What Is a Pharmacist?

Medically Reviewed by Zilpah Sheikh, MD on November 21, 2023
4 min read

Pharmacists are health care professionals who specialize in the right way to use, store, preserve, and provide medicine. They can guide you on how to use medications and let you know about any potential side effects. They fill prescriptions issued by doctors and other health care professionals.

Pharmacists also contribute to research and testing of new drugs. They work in pharmacies, medical clinics, hospitals, universities, and government institutions.

People have been using plants and other natural substances as medicine for thousands of years. But the practice of professional pharmacy became its own field in the mid-nineteenth century.

Pharmacists distribute prescription drugs to individuals. They also provide advice to patients and other health professionals on how to use or take medication, the correct dose of a drug, and potential side effects. Plus, they can make sure that a drug won’t interact badly with other medications you take or health conditions you have.

They can also provide information about general health topics like diet and exercise, as well as advice on products like home health care supplies and medical equipment.

Compounding (the mixing of ingredients to form medications) is a very small part of a modern pharmacists’ practice. Nowadays, pharmaceutical companies produce medicines and provide them to pharmacies, where pharmacists measure the right dose amounts for patients.

In order to become a pharmacist in the U.S., a person needs a Doctor of Pharmacy (PharmD) degree from an institution that is accredited by the Accreditation Council for Pharmacy Education (ACPE).

Even though admissions requirements vary depending on the university, all PharmD programs require students to take postsecondary courses in chemistry, biology, and physics. Additionally, pharmacy programs require at least 2 years of undergraduate study, with most requiring a bachelor’s degree. Students must also take the Pharmacy College Admissions Test (PCAT).

PharmD programs take about 4 years to finish. Additional coursework for a degree in this field includes courses in pharmacology and medical ethics. Students also complete internships in hospitals, clinics, or retail pharmacies to gain real-life experience.

Pharmacists must also take continuing education courses to keep up with the latest advances in pharmacological science.

Pharmacists are one of the most easily-accessible health care professionals. Every pharmacy has a licensed pharmacist, and you can speak to one without making an appointment. Some of the reasons to see a pharmacist include:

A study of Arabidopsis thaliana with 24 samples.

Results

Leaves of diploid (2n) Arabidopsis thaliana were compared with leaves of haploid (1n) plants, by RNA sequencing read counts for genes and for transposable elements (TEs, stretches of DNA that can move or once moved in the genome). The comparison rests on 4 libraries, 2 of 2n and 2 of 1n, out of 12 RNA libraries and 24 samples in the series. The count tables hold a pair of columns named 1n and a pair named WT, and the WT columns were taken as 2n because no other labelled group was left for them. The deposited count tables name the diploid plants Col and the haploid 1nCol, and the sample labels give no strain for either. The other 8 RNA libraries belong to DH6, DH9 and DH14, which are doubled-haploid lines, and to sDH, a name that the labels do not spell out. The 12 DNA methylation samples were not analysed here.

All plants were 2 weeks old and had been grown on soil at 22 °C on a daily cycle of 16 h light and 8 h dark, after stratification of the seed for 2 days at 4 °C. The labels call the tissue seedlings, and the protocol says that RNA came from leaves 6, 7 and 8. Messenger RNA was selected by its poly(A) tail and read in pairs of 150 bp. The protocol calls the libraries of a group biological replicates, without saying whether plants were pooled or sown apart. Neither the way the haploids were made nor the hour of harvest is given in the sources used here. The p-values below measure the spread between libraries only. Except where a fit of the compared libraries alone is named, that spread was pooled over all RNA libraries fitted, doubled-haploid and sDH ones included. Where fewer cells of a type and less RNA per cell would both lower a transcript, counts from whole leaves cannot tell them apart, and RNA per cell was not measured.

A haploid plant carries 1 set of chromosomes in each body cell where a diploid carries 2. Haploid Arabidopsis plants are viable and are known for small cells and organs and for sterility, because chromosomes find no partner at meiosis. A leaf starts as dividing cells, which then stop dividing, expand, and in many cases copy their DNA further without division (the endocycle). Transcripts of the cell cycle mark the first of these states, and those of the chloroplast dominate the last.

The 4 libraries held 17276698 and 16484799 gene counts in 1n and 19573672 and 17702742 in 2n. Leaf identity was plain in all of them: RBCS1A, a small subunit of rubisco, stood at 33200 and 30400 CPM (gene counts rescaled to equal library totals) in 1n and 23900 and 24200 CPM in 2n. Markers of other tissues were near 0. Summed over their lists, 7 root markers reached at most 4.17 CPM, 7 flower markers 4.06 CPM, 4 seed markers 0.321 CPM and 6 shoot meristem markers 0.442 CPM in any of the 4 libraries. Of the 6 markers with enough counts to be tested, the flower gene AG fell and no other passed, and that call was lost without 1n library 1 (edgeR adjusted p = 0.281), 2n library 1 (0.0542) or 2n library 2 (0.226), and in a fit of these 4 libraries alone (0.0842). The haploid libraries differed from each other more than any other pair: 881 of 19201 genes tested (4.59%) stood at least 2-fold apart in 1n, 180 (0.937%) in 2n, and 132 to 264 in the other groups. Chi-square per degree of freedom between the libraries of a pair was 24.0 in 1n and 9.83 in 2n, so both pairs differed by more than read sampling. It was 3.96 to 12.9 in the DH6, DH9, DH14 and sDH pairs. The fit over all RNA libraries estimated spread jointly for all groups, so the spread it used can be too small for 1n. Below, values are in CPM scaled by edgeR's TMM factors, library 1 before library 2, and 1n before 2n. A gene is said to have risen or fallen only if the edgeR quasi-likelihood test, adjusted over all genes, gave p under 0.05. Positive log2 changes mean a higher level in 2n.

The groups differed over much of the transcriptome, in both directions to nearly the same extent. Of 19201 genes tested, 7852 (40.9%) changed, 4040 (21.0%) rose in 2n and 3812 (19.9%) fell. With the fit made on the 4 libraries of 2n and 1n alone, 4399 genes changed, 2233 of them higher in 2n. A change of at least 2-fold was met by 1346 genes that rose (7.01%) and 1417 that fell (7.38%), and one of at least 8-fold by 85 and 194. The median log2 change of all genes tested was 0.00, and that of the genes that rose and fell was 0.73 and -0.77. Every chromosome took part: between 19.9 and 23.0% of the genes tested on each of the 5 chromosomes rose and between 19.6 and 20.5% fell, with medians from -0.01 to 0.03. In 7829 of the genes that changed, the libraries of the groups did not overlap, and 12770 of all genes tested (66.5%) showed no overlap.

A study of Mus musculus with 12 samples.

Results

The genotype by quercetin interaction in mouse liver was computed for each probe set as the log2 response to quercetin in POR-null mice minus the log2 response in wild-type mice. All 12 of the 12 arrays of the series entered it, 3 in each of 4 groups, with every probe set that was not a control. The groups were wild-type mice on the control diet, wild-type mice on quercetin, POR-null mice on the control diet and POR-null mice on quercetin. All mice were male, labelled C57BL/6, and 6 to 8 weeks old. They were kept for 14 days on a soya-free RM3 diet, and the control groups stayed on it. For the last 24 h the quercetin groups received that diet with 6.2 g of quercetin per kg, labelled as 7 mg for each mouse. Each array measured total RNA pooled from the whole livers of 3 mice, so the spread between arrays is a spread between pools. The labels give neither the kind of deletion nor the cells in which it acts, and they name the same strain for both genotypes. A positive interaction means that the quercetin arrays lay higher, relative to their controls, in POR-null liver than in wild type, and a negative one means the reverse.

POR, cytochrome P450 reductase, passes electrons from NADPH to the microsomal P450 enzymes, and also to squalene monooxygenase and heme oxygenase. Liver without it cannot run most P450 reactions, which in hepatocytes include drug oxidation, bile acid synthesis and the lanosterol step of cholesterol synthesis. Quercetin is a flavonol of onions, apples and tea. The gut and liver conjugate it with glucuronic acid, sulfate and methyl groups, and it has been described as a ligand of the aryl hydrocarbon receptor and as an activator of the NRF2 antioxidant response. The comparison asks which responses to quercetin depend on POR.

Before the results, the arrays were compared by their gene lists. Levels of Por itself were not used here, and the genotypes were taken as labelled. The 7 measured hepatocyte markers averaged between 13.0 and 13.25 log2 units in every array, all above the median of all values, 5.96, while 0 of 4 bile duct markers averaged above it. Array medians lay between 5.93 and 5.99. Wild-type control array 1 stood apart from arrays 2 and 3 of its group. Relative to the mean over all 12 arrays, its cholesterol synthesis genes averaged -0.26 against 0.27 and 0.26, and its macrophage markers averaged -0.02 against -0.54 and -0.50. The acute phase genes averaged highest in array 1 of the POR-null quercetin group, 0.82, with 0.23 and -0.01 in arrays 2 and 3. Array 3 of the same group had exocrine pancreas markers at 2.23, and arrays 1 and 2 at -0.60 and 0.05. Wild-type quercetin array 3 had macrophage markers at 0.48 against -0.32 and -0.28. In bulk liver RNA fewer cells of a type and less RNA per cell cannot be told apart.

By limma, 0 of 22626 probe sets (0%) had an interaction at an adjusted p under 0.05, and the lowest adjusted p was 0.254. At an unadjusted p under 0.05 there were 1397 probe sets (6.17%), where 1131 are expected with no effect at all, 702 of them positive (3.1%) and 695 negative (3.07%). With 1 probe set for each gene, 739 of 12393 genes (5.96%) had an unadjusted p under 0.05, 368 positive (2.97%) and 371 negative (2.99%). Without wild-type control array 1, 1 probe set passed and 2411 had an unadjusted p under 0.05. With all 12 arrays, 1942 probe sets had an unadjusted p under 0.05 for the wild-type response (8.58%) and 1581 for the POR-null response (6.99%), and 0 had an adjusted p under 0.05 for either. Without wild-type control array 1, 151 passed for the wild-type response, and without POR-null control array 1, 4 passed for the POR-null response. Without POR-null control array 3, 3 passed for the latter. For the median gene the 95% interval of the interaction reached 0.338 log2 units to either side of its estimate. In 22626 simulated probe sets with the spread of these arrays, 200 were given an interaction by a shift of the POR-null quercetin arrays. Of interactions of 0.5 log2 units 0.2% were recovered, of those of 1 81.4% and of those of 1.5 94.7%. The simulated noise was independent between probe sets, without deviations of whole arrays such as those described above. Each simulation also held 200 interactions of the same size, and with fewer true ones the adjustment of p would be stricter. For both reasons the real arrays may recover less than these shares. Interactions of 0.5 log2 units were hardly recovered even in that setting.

Answering medical and drug-related questions

Pharmacists are qualified to answer most medical or drug-related questions you may have. They can explain what each medication you’re taking is for, how you are supposed to take it, and what you can expect while on the medication.

Is your asthma medication taken during an attack or all the time? Can you sip wine if you're on an antibiotic? When should you take your new birth control pill? Your pharmacist can help you learn what to take and when. 

Additionally, you can talk with your pharmacist about how to ease side effects of your prescriptions. Is the niacin you are taking causing a burning sensation? Is your blood pressure drug causing impotence? Or is your antidepressant robbing you of sexual desire? A schedule change could do the trick, or your pharmacist might offer options you can discuss with your doctor.

Filling your prescriptions

Once you have a prescription from your doctor, you can take it to the pharmacy where the pharmacist will fill the order. If you get all of your prescriptions filled at the same pharmacy, they can better track your medicinal history and provide you with a written history if needed.

Safely disposing of unwanted medicines

If you have any unused or unwanted medicines, it’s best to get rid of them so they don’t fall into the wrong hands. Taking them to the pharmacy is the best and safest way to dispose of them.

Simple health checks

Pharmacists are qualified to perform simple health care procedures like taking your blood pressure and temperature, testing your blood sugar levels, and checking your cholesterol. They can also diagnose everyday ailments like the cold, flu, aches, pains, cuts, and rashes, just to name a few. They’ll then be able to recommend the right treatment or let you know if you should see a doctor. 

Give advice about supplements

Taking ginseng for focus? St. John's wort for depression? Black cohosh for hot flashes? These and other kinds of supplements could potentially interact with your new prescription. Confess all to your pharmacist, who will know whether you might encounter problems and can advise you accordingly.

Help with lifestyle choices

A pharmacist can offer advice and dispenses information about disease prevention, nutrition, quitting smoking, diabetes management, and more.


You can get your annual flu shot and, in most states, other vaccines, too, at the pharmacy. Most of the time you do not need an appointment, and the whole process takes only a few minutes. 

Help with savings on prescriptions

Medication bills skyrocketing? Talk to your pharmacist. A generic antiviral medication that costs $9 might take the place of a new-to-the-market prescription brand priced at $65.

When visiting the pharmacist, you can expect that your personal and medical information will be protected and kept private. If you don’t want other customers to overhear your conversation or questions, you can ask the pharmacist to speak with you in a quiet, private area. You should feel comfortable asking them any questions you have, and they should be able to provide all the information you need regarding any medication you’re taking.